High-minded cultural journal New Criterion has had a strange adjustment to Internet age. The monthly intellectual review boasts heady criticism on piano recitals, Matisse, and ballet--and has no pictures or illustrations. Yet in the March issue, the editors made an unusual stab at engaging the Web: they responded to commenters in print.
There are a handful of dispassionate comments, admiring or critical as the case may be, but the vast majority are wildly, hysterically vituperative. They make for an interesting case study. When we turned to Dr. Daniels to write about Anne Heller’s new biography of Rand, we did so because of his skills as a cultural critic. Judging by the response to his essay, we might have turned to him for his skills as a psychiatrist specializing in cases of acute megalomania, cognitive dysfunction, and kindred pathologies.
They gave each comment a number, alluding to one as "commenter #4." It's not only the use of esoteric vocabulary in combating uncouth readers that's so intriguing--it's the sheer length of their response in a medium where short-form rules:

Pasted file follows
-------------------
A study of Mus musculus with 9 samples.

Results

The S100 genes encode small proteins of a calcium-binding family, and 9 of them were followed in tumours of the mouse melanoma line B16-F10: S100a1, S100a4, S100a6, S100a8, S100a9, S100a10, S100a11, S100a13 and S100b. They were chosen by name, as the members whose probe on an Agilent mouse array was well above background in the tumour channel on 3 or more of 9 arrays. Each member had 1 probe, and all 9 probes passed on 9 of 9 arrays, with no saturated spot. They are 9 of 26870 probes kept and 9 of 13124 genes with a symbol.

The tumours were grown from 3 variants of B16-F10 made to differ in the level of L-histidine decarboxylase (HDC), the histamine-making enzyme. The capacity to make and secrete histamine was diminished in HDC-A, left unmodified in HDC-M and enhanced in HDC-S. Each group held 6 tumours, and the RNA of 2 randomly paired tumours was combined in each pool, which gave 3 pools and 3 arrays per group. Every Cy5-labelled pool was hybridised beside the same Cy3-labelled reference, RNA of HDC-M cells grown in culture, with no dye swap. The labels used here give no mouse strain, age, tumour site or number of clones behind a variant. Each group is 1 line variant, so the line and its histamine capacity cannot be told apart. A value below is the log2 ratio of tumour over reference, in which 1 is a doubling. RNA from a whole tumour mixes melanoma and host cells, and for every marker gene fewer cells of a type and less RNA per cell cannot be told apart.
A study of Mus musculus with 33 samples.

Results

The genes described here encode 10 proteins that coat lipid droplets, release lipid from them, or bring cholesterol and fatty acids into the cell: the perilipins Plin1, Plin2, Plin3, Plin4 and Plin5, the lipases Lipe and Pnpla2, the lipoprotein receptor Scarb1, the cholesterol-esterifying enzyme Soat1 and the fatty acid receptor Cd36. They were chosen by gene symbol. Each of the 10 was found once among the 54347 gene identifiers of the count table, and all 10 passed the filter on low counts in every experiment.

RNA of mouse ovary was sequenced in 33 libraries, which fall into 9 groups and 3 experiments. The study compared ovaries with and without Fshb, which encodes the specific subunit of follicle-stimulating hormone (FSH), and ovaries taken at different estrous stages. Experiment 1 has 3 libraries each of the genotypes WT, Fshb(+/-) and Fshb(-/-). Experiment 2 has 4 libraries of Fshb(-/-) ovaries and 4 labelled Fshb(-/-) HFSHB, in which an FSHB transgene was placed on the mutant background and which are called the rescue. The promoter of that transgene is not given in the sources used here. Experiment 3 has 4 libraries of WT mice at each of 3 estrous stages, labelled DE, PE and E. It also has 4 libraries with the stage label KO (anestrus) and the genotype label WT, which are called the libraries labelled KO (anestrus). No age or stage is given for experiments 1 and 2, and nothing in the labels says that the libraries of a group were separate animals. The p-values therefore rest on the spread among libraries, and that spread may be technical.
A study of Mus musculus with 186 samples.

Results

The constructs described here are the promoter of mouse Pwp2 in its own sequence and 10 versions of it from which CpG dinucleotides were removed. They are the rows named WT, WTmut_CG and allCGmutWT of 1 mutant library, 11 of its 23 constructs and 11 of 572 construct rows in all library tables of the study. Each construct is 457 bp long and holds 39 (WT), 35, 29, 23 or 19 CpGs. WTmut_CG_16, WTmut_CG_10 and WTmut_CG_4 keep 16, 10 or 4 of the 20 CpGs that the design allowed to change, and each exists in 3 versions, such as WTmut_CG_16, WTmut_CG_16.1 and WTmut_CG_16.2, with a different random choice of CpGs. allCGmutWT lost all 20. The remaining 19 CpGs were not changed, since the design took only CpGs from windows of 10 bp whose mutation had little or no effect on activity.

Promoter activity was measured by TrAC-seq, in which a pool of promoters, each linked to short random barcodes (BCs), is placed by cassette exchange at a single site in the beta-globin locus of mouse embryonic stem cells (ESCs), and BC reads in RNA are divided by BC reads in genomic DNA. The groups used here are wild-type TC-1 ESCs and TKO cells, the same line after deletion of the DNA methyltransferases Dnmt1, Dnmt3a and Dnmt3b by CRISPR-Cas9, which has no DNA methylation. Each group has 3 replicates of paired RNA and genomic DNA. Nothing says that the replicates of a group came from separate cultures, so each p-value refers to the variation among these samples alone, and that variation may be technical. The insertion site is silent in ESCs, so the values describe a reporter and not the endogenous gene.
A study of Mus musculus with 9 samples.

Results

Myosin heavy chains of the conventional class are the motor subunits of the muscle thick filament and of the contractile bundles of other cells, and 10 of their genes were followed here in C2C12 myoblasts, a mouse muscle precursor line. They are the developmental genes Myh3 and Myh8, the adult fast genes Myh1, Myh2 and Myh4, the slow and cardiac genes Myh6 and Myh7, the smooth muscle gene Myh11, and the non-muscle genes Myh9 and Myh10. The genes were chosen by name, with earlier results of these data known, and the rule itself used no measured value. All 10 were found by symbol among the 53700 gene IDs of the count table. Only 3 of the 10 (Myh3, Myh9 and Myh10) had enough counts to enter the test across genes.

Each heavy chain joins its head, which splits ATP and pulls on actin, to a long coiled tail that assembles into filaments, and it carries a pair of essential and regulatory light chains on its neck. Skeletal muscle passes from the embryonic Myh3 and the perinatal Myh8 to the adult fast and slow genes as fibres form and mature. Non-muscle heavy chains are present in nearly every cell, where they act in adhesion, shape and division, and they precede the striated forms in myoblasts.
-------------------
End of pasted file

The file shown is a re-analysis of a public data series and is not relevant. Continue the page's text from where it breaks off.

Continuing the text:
[#4] This hit job comes close to matching the most dishonest review probably ever written of any book—Whittaker Chambers’ review of Atlas Shrugged …This paragraph is one of eight comprising the editorial team's rebuttal. Needless to say, the commenting culprit is probably long gone.
Commenter #4, quoted above, mentions Whittaker Chambers’s famously devastating review of Atlas Shrugged, which appeared in National Reviewin 1957. Among the many interesting things about it was Chambers’s acknowledgment of the fact that “a great many of us [conservatives] dislike much that Miss Rand dislikes, quite as heartily as she does.” Statism in all its many forms, the welfare state, liberal sanctimoniousness, the culture of dependency: most conservatives are at one with Rand in regarding them with a jaundiced eye. And it is precisely this element in Rand’s world view—her rejection of what Tocqueville called Democratic Despotism—that has given her work a new lease on life among “tea partiers” and others who challenge the newly regnant statism in America. Hence the widespread popularity of Rand’s character John Galt and sympathy for “going Galt,” i.e., Just Saying No to the many violations of personal liberty perpetrated by an omnivorous, socialistically inclined state.
This article is from the archive of our partner The Wire.